爆料公社

Millennials Demystified by Millennials

Millennials Demystified by Millennials

By Andrea King, Operations Manager & Valerie Good-Turney, Operations Coordinator

Millennials, Millennials, Millennials….We may all feel like this topic has been beaten to death, and yet we just can’t stop ourselves from asking, “What makes them tick?” As co-chairs of 爆料公社’s Young Professionals SIG and because we are both Millennials (although on slightly opposite ends of the age spectrum) we have a unique perspective on how our generation functions as a product of our surroundings. We sat down to answer some burning questions and provide insight into the largest generation in the workforce today:

What are some common misconceptions about Millennials?

Val: I think “needy” is one that I hear that, in some ways, I relate to. The idea that Millennials ask lots of questions and for help on many things can ring true, but I think understanding where that’s coming from can help demystify it for older bosses and employers. I think part of our desire for clarification comes from a fear of failure, especially if there are a lack of clear instructions or things are left up to vague expectations. Millennials may ask lots of questions, but that’s because we want to do a good job, know what our resources are, and understand what the end product should look like.

Andrea: For me, a misconception is that Millennials are entitled and lazy, or that they don’t want to work hard for their achievements. Just from the demographics here at 爆料公社, where over 40% of employees fall into the Young Professional category, it would sure seem that we are an active and vibrant component of the workforce. I can recall my first years out of college when finding a job was so hard – I would have taken ANYTHING, and just happened to stumble into association management (which I luckily love). At the time though, it felt horrible to hear things like “entitled,” “lazy,” or what Val said above – “needy.”

What do Millennials really want in a job? In an employer?

Andrea: Continuing Val’s thought from the first question, I think Millennials really want clear expectations, but with the freedom to get to the final product in the way that works for them. We may do things a little differently, but that doesn’t necessarily make it bad! I also think many of us want a strong mentor relationship with our supervisors or someone with a bit more experience than us. We grew up in a closely regulated environment – school, team sports, clubs, jobs at young ages, so we often work better in a team.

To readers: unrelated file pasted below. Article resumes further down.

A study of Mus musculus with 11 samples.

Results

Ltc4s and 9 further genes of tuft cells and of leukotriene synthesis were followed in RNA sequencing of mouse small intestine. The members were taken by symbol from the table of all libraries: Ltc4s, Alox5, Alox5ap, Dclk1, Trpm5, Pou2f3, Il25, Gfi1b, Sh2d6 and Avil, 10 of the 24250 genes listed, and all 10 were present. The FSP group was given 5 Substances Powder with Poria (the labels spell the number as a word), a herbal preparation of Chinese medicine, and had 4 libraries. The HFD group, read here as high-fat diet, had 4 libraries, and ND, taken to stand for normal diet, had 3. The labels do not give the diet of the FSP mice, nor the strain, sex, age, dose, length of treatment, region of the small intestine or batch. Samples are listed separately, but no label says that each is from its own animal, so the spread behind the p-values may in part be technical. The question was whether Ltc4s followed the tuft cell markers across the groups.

Val: It feels like so many people think Millennials are looking for the new and hip places to work, which isn’t necessarily true. While it may be cool to have a ping pong table or free snacks, I think overall we are looking more for work/life balance and the chance to make a difference. In terms of a position, I think Millennials like having some sort of structure, but also the ability and freedom to move beyond that structure. Like Andrea mentioned, give us the basics as well as the opportunity to move beyond that.

How can one best utilize and engage Millennials in the grand scheme of the multi-generational workforce?

Val: Millennials care about making a difference. They care about building and creating their careers. Rather than thinking of Millennials as burdens, think of them as equal and able contributors. Use them as a resource to bring fresh energy and ideas to your team. Let them provide insight into new tools or trends they’re aware of. As mentioned before, set clear guidelines and expectations. Let them know the resources at their disposal and any “must-haves” for a project. If there is room for them to be creative, let them! Just make sure they understand where creativity is appreciated so everyone is on the same page.

One-on-one meetings are definitely a great tool to utilize. Although we may be seen as an “online generation”, that doesn’t mean human connection isn’t important to us. Check-ins are a great way for both you and your millennial employees to communicate about ongoing projects as well as development opportunities.

Speaking of development opportunities, provide them! Even if there is no budget for courses or official training, provide ways for them to step up, get involved, and gain experience. Maybe it’s a specialized project for your client, maybe it’s leading an internal special interest group or task force, maybe it’s having them organize social or service opportunities for the rest of the team or company. Ownership is a great way to empower your Millennials and give them a feeling of accomplishment, while also breathing new and fresh ideas into the community.

Andrea: Gosh, I don’t think I can say it any better than that, Val! I would only add – be honest and forthright with your Millennials about everything, but most especially their performance and your expectations. It may seem like we all have thin skins, but I guarantee that they will be grateful for it, even if it’s bad news.